We Need a Horse and how to be weirdly grateful

Yesterday, my dear friend Katie (in San Francisco) sent me a package with two letters, a magazine, and three lovely children’s books (I mean incredibly beautiful, you’ve never seen a book so beautifully made) in the mail.

Her husband works for McSweeney’s, the eccentric, progressive publishing house and magazine publisher. Really, McSweeney’s is a literary movement, but that’s beside the point. The point is that her husband has been working lately on children’s books. They’re named after Katie’s family, the McMullens.

One of the books she sent from the “McSweeney’s McMullens” series is a book called We Need a Horse, by Sheila Heti. (Did I mention it’s beautifully illustrated? Clare Rojas.) In it a horse finds a light that asks him what one question he has. The horse responds, “Why was I made a horse and not some other animal?”

The light answers: “Because we needed another horse.”

After befriending a sheep that isn’t content with his being a sheep (he wishes he were a human who could play tennis), the horse finds an apple tree and the apple he hopes to eat says, “I guess they needed to make this horse, so she could come and eat me.”

Though August was a little confused by the ending (after the ground sings a song to the horse), when the darkness of night invites the horse to “accompany” it so that it’s not so lonely. The horse goes, which I’m pretty sure is his death, “But now the horse understood everything.”

This is not a children’s book for the faint of heart, or for those who don’t like metaphor. And it’s totally weird.

But I secretly loved it. I love the light’s answer to the horse. They needed another one! And the apple’s celebration of the horse: For the apple, the horse exists solely to give the apple’s life purpose.

You know I’m always contemplating these things. What does it mean to be loved by God? Where do we find our purpose? And these answers are striking in their simplicity. God loves us. We were made because our life is meaningful. Our interactions are meaningful. The happy among us are those who are content.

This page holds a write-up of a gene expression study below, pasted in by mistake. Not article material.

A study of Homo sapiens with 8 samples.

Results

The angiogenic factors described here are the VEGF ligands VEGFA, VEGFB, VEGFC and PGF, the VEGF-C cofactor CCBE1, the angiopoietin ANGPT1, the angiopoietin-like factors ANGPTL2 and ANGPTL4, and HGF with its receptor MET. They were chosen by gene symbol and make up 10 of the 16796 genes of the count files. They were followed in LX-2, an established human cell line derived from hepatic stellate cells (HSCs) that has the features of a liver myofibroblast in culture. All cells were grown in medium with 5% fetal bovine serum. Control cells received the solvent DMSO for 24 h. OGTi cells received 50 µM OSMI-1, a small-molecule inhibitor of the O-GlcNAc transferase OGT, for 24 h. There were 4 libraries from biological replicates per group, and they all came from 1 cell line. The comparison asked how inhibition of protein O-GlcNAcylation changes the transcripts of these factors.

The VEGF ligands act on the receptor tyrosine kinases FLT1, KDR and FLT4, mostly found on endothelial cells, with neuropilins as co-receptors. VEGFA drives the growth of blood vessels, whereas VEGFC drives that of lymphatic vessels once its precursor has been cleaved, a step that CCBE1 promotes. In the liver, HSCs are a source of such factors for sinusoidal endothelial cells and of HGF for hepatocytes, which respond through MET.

And though I wish the grass would sing to me about how perfect the ground is, it doesn’t usually. Gratefulness is not natural, it’s learned. What I loved about this book is that gratefulness is the heart of its weirdness.

I hope that people will one day say the same thing about me.

  • Linda Carleton

    I for one am grateful for your “weirdness.”. Am enjoying your posts and would love to meet your husband and children.

    • http://mommymonk.wordpress.com Micha Boyett Hohorst

      So happy to see you here, Dean! Watch your email because the Kool Aid Man might need to make a reappearance for the ’01 reunion this October. Just sayin’… :)

  • http://www.atimetodance-amanda.blogspot.com Amanda

    Elaine! I think I would love this book, too. I’m excited to try and find it. Have you ever read, “The Tree That Survived the Winter” by Mary Fahy? It is also a “children’s” book not for the faint of heart. As in, I cried the first time someone read it out loud to me. I am convinced that it is a book that needs to be read out loud, slowly. It’s also beautifully illustrated in a dot type of illustration I can’t think of the name of right now. I love how, sometimes, kids books are where it’s at. Probably because we tend to complicate things too much.
    Hugs!
    -Elaine

    • http://mommymonk.wordpress.com Micha Boyett Hohorst

      Elaine, you would. And you should also look into “Here Comes the Cat!”, my favorite of the McSweeney’s McMullens books. It’s sooooo good. I haven’t read “The Tree that Survived the Winter” but I’ll look into it. Thanks lady!